A classic early-June Utah bluebird day spent moseying from one bench to another proved a great way of checking out the old mining camp while unleashing old memories and making new ones. Park City couldn't have looked any more the same or appeared more different.
From the bashed Banksy alley corner that once housed the Crazy Horse Saloon and the Robber's Roost, the bench provided not only a space to doctor the large iced mocha but also time to reflect on both the '71 Fourth of July culture riot and the '72 (or was it '73?) fire that took out most of the block across the street.
Larry McKown and Jim Patton had thrown together the Crazy Horse in the early '70s following their success with the Buffalo Grill in the old Pop Jenks building across the street and a bit uphill from the Alamo. We habitués of the Horse made up in decibels what we lacked in subtlety.
In fact the riot going on outside the joint following the Independence Day parade that year may well have been more nuanced than the bedlam normally occurring at the bar or on the dance floor on a normal evening. It was a safe haven for a few of us on that most rowdy of days, however.
After Larry and Jim threw in the towel with the Crazy Horse, Terry Jannott's Robber's Roost generated some legendary outlaw ambiance of its own within those same hallowed walls. The biggest bang came from the fire that erased the Poison Creek Drug Store, the Oak Saloon and a couple of other buildings on the opposite side of Main, however.
The next bench in question reposed somewhat smugly down in front of the No Name Saloon. Fashioned of sandstone slabs, and heated by the energy harnessed from a cloud of old hippy vibes, this is one of the two benches on the tour built by Park City Mucker Rugby legend George "The Hack" Austin.
Reclining on "George" was this quite-comely young lady who, as soon as I joined her, must have remembered a previous engagement. Her exit may well have debunked the old Einstein theory about the speed of light.
Back when the No Name was the Alamo Saloon, this was ground zero. You had the much-smaller post office, the ever-so-important unemployment office, the Ink, Paint, and Clay art gallery with its aesthetic eye candy and guitar lessons, and the laundromat, which remains down at the end of the same long hallway.
The benches outside Dolly's Bookstore beckoned next. After checking to see if Thomas Pynchon's "Bleeding Edge" had yet morphed from hardcover to paperback (it hadn't) I picked up Walter Isaacson's "Steve Jobs" biography, which had not only come out in softcover, but also in a quite geezer-friendly font size.
The next lounging spot in my crosshairs was the Gary Weiss memorial bench outside the north entrance to the library down at the Carl Winters School building on Park Avenue. Taking the scenic route down to lower Main and up and over the Town Lift Bridge, lower Woodside, with its prism-wide color scheme and somewhat quirky architecture, hadn't lost any of its charm.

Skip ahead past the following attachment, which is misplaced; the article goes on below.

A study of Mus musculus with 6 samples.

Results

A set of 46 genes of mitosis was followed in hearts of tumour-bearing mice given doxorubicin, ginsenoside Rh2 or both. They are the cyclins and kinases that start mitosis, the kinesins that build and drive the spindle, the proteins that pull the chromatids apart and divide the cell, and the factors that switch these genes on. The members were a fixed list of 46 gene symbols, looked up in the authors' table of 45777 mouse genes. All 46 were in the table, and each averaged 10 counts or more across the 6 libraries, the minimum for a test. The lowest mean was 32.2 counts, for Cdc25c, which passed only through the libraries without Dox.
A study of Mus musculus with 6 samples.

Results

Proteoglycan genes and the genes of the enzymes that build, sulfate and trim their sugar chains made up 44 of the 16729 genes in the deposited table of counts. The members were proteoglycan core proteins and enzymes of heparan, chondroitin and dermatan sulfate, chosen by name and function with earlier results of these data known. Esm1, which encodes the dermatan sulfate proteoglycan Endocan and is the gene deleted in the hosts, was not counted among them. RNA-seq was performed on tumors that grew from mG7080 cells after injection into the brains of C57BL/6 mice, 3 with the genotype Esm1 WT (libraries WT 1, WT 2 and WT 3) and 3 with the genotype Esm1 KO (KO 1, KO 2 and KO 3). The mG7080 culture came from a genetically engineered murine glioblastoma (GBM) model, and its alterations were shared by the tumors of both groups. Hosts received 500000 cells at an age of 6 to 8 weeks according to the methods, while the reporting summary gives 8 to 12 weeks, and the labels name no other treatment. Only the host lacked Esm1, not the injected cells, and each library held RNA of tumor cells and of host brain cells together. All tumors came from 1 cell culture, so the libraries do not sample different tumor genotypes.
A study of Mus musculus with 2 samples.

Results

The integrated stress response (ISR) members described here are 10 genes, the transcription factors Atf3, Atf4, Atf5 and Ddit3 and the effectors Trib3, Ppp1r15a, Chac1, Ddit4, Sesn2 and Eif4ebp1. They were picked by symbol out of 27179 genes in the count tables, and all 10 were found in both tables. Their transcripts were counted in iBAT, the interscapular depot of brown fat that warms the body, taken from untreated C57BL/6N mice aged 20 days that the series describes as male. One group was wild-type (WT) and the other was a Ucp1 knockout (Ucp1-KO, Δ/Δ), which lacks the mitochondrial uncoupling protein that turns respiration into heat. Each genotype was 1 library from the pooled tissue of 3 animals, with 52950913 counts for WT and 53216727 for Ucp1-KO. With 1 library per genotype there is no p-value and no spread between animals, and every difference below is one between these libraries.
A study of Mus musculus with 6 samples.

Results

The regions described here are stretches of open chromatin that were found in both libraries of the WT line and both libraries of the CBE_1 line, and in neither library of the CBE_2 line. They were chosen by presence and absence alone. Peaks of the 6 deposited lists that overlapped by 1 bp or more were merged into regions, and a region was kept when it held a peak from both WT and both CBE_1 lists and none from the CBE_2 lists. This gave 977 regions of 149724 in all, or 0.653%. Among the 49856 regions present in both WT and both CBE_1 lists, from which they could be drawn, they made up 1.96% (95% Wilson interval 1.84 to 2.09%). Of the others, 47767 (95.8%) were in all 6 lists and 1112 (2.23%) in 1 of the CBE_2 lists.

The crack security detail at the now-fenced-in library remodel construction site, however, stopped me dead in my tracks before I could even get a visual on Gary's bench. Directing me on down Park Avenue to the library's new temporary digs at the Miners Hospital, though, softened the blow considerably.
I hadn't even thought of those cool benches in the landscaped area out front of the Miners Hospital when I put together my itinerary for the day but they fit in perfectly. Something about the way the light filtered through the trees and played off that wonderful old building that I once lived behind when it was up where Shadow Ridge is now.
Although I would end up cruising the base area at PCMR before the day ended, I knew all along upon which bench the day's benediction would be celebrated. And that could be none other than the one George-the-Hack set up with the help of Tom Lauder under a shade tree just off the rugby pitch at City Park to honor Ernie "The Breadman" Scow.
The trees we planted for Stormin' Norman Hall and Rusty Prudence following their passing already consecrate this holy ground and the bench for Ernie is icing in the Twinkie, so to speak.
Memories of when the pitch once ran east and west encompassing much of the softball dirt infield spar with those of when we'd pull the Mucker Bus along the sideline and broadcast the rugby matches live from its roof over KPCW. That's the word from the trenches and the benches! I must say, it's still a pretty cool town!
Jay Meehan is a culture junkie and has been an observer, participant, and chronicler of the Park City and Wasatch County social scenes for more than 40 years.